Our Jewish tradition calls us to raise up both our world and our selves by casting light into dark places.
This week’s Torah portion begins with God’s command to Moses and the Israelites: “Bring me an offering—let every person whose heart moves them make an offering to me.” The Hebrew word for “offering”—terumah—which gives the portion its name, literally means “uplifting.” Thus the interpretation of this verse by the Hasidic commentary No’am Elimelech: “Strive to enjoy the light of My divine presence in your life. . . This verse tells you to draw the Blessed Creator to you and rejoice in the Divine Presence.”
This sacred calling can push us into difficult places, both within and without. For instance, the Talmudic sages once debated whether or not Jews should be permitted to attend the Roman gladiatorial games, which were brutally violent and rife with gratuitous carnage. Rabbi Meir understandably forbid it, arguing that one who goes to the stadium to watch was complicit in the bloodshed. But Rabbi Natan argued that Jews could attend—in order to cry out for mercy and potentially save someone.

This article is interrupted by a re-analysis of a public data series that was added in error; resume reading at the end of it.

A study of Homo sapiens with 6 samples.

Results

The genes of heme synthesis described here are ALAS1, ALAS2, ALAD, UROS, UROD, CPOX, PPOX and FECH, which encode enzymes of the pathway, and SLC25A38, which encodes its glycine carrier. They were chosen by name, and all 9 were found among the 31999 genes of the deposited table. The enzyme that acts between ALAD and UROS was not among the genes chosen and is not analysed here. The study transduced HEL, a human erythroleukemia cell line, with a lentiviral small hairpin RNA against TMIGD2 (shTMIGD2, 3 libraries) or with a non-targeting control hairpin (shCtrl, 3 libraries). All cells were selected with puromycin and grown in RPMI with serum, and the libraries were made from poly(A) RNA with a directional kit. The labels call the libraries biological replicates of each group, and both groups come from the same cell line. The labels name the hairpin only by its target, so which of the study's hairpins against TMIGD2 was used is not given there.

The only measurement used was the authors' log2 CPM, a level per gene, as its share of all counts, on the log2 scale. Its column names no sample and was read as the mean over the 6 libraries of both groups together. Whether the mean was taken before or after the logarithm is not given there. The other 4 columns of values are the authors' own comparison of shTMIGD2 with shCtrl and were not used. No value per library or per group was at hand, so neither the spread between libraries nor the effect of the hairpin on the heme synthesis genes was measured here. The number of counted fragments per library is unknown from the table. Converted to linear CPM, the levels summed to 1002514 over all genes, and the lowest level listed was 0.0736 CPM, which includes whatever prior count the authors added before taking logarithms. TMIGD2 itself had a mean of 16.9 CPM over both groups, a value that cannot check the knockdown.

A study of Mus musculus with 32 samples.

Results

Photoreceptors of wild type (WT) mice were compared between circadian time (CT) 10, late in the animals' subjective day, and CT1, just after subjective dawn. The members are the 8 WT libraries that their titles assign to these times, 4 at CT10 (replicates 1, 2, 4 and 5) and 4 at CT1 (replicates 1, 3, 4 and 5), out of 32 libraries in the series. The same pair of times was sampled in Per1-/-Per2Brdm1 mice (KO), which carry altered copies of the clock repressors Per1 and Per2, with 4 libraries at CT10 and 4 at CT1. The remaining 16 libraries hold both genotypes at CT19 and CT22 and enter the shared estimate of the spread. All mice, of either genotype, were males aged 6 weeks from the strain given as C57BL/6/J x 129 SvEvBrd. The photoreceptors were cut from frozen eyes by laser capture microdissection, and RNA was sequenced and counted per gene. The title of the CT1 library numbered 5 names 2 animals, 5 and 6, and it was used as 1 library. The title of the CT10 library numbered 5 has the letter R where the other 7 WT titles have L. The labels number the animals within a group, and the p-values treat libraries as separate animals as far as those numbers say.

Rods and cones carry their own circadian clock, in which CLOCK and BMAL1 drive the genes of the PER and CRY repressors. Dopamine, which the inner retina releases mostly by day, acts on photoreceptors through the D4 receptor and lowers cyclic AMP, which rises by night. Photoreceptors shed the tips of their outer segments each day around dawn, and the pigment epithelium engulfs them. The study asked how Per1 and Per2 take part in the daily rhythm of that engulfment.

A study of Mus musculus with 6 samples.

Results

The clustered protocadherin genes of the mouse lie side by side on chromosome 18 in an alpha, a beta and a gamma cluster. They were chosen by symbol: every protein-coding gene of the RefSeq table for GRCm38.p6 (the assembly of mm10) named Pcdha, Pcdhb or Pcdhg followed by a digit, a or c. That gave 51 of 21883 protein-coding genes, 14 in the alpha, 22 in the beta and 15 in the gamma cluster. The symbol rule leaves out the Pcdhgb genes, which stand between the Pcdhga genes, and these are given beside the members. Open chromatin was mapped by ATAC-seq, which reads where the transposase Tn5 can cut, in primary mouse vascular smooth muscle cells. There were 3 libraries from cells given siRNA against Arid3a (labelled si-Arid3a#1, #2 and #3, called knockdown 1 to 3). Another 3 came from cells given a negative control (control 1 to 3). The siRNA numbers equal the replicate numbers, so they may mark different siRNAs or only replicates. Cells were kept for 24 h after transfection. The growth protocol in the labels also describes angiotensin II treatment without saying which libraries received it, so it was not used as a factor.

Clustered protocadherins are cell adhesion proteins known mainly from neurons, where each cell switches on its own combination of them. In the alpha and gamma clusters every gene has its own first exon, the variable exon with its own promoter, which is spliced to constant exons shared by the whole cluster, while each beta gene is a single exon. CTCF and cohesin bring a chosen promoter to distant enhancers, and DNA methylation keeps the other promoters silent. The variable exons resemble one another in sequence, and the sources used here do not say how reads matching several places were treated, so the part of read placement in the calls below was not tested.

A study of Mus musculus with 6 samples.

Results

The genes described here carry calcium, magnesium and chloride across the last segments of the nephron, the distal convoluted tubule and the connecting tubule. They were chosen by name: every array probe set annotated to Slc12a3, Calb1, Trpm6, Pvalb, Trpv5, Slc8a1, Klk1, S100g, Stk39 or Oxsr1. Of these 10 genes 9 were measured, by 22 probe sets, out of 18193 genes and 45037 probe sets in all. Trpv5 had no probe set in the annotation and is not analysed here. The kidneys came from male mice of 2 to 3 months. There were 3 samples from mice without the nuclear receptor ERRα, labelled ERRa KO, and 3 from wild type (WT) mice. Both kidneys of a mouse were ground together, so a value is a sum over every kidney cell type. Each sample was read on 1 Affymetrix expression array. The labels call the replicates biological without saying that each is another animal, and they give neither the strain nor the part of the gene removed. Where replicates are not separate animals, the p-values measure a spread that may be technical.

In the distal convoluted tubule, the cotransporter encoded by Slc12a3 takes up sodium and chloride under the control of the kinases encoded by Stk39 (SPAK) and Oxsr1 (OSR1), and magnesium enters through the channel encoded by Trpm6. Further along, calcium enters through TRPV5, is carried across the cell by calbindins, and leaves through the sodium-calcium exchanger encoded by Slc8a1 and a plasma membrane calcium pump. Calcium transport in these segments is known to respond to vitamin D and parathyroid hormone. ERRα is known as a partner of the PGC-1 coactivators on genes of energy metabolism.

Rabbi Natan believed it a mistake to pretend that we could above the fray. For him, our challenge is to step down into the darkness and add to the light that might lift it away. He asks us to engage in the world, with all of its ugliness, for we cannot possibly help to heal it from a pure but aloof distance.
Right now, the world can feel pretty dark: anger, division, fear, rising antisemitism and, of course, two years of pandemic that continues to drag on, leaving us lonely and weary to the bone. It is tempting to just tune it all out and retreat into our own fortresses of solitude.
But our Jewish calling is to engage, despite everything, to find ways to raise one another up, to cast our light into the darkness and help illuminate the way, for ourselves and for our neighbors.
In this month of Adar, the Talmud commands us to rejoice. The Psalmist declares: “Ivdu Adonai b’simchah—serve the Holy One with gladness.” This is our collective challenge.
This week, can you find one thing, each day, that is a source of joy? Write it down, or share it with a friend or family member.